The widow of the late painter Thomas Kinkade - who died at his Monte Sereno mansion the morning of April 6 at age 54 of an apparent lethal combination of Valium and alcohol - collected paintings this past summer from the home, requiring the assistance of local police.
According to documents obtained by Los Gatos Patch, at 8:12 a.m. June 22, Nannette Kinkade requested police assistance to obtain the artwork, giving police her vehicle description so they would be on standby and assist in case of problems.
Then, on at 10:39 a.m. Sept. 6, a police report released by the Los Gatos-Monte Sereno Police Department indicates that the painter's girlfriend, Amy Pinto-Walsh, contacted police to say that vandalism had occurred at the mansion, located at 16342 Ridgecrest Ave., as two vehicles were damaged.
The vandalism report coincides with statements made by Pinto-Walsh's attorney, Douglas Dal Cielo, during a Sept. 18 court hearing that his client's car - as well as some of her friends' vehicles - had been vandalized.
"Our position is that coincidence is so extraordinary that we believe foul play is involved. Do I have any proof? Do I have video tape? Do I have any witnesses who saw the damage? No, but I think under these circumstances ... it's somebody involved with interests contrary to Amy's pursuits of the case," Dal Cielo said. None of the three incidents happened at the Monte Sereno home, he added.
Daniel Casas, an attorney for the Thomas Kinkade estate, has denied that his client had anything to do with the alleged harassment and vandalism.
A third report, released by the LGMSPD, indicates that at about 3:30 p.m. Sept. 6, over Labor Day weekend, it was reported that someone drained the water out of the mansion's pool and put padlocks on its gate.
Pinto-Walsh told police that when she had left the home on Sept. 1 at 3:30 p.m. the pool was fine; when she returned at 1 a.m. Sept. 2, the pool was drained and the padlocks were found.
A fourth report, also taken Sept. 6, indicates that the nature of Pinto-Walsh's call to report the pool incident was to suggest harassment. It names Pinto-Walsh as the person making the complaint and Douglas Taylor, the security guard, as being a witness to the incident.
The report goes on to state that Pinto-Walsh is involved in a civil suit with the painter's family and "believes members of the family or their associates are responsible for acts of vandalism and harassment against her and her friends."
In the report, the officers write that Pinto-Walsh claimed that her vehicle was vandalized in the parking lot at 333 No. Santa Cruz Ave. in downtown Los Gatos on Aug. 19, with an unknown suspect denting the roof of her vehicle and writing "f--- you b----" in the dust on the rear window.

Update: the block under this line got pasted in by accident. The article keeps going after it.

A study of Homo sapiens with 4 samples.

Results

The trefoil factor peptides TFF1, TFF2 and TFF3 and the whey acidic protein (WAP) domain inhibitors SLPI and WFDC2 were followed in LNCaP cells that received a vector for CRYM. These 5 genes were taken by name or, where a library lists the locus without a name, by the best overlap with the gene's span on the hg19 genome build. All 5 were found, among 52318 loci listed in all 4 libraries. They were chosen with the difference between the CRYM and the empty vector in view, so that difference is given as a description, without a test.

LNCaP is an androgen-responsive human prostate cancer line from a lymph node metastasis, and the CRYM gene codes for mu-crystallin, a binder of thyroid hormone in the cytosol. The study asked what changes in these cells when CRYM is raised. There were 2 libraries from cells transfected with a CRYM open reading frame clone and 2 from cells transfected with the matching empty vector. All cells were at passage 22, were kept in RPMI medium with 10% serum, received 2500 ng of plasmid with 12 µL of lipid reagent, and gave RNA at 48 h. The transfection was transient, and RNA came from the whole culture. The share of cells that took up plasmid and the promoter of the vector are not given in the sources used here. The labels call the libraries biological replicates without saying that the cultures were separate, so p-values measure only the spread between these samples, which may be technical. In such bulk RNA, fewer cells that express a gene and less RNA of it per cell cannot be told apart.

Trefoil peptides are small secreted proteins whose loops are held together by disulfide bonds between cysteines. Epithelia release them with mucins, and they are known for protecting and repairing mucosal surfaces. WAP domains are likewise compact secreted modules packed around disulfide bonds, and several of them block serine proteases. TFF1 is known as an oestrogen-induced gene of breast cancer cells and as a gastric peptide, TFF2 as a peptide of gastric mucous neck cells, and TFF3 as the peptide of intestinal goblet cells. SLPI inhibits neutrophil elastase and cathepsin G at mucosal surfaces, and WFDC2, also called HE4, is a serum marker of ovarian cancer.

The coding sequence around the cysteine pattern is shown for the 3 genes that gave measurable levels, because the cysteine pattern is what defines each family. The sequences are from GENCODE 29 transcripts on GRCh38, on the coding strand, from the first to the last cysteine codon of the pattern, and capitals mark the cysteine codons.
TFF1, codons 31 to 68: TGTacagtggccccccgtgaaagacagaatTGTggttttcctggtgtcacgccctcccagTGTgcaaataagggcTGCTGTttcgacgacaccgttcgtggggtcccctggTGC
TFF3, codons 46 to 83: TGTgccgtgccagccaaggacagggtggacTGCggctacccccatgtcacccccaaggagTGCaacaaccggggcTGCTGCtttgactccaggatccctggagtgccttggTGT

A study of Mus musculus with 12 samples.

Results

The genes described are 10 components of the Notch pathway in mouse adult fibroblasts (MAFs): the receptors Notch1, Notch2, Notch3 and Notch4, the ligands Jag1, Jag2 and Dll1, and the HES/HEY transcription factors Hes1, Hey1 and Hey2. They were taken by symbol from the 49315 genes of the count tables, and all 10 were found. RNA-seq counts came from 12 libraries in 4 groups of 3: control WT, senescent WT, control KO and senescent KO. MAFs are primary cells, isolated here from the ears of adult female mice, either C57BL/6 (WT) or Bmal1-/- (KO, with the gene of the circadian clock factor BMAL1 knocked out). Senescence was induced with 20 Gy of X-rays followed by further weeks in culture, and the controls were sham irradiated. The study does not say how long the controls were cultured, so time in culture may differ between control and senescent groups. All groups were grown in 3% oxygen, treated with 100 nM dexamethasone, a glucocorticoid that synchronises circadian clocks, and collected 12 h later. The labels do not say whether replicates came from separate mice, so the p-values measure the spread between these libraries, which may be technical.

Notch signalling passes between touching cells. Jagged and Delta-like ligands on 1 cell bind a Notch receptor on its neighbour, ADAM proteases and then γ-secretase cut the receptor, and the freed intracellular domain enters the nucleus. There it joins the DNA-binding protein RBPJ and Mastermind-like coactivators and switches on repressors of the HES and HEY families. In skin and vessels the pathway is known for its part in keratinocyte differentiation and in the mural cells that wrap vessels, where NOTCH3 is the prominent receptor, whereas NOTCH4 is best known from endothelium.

Pinto-Walsh told the officers that after her car was vandalized, two of her friends' cars were similarly damaged by somone denting their vehicles.
She told the officers both these friends had visited her at the mansion and could be known to the Kinkade family through the security company Cook Associates, Inc. hired by the estate to guard the property until the civil case is settled.
Pinto-Walsh sent one of the officers a picture of a dent to one of her friend's vehicles. Her friend had parked her car in the same lot at 333 No. Santa Cruz Ave. the night of Aug. 31, and the fender was dented some time after midnight, the report said.
Another friend had his car vandalized Aug. 31 after midnight when it was parked near Menker and Scott avenues in Santa Clara, with the front bumper damaged as well as a scratch in the paint on the sliding door, the report continued.
Pinto-Walsh, the officer writes, took him around the mansion and showed him how she has to zip tie the door handles on the many French doors around the back side of the house, and said someone had forced open one set of the French doors, damaging the locks so they could not be secured, according to the report.
Pinto-Walsh gave the officer a letter from her attorney that chronicled the harassment issues, and retained a report of the car vandalism incidents to take to court for their civil suit, the report concluded.
On Sept. 17, attorneys for the estate and Pinto-Walsh were in court to iron out rental payments for the mansion, where the latter party has been residing since before the painter's death in early April.
Santa Clara County Superior Court Judge Thomas Cain ordered Pinto-Walsh to pay $11,000 in monthly rent to continue to live in the opulent home.
The parties are expected in court in December to continue their fight over the painter's assets. Pinto-Walsh claims Kinkade hand wrote two wills, which now have two different legal petitions.
One is for the so-called holographic handwritten wills Pinto-Walsh alleges were written by Kinkade before he died which give her the mansion, a studio next door, $10 million to run a museum that would showcase all his original artwork for the public, and all his artwork estimated at $60 million.
The other is for Kinkade's wills or codicils, which he prepared over the course of several years between 2000 and 2007, according to Casas.
To read the complete police reports related to this case, please see attached PDF.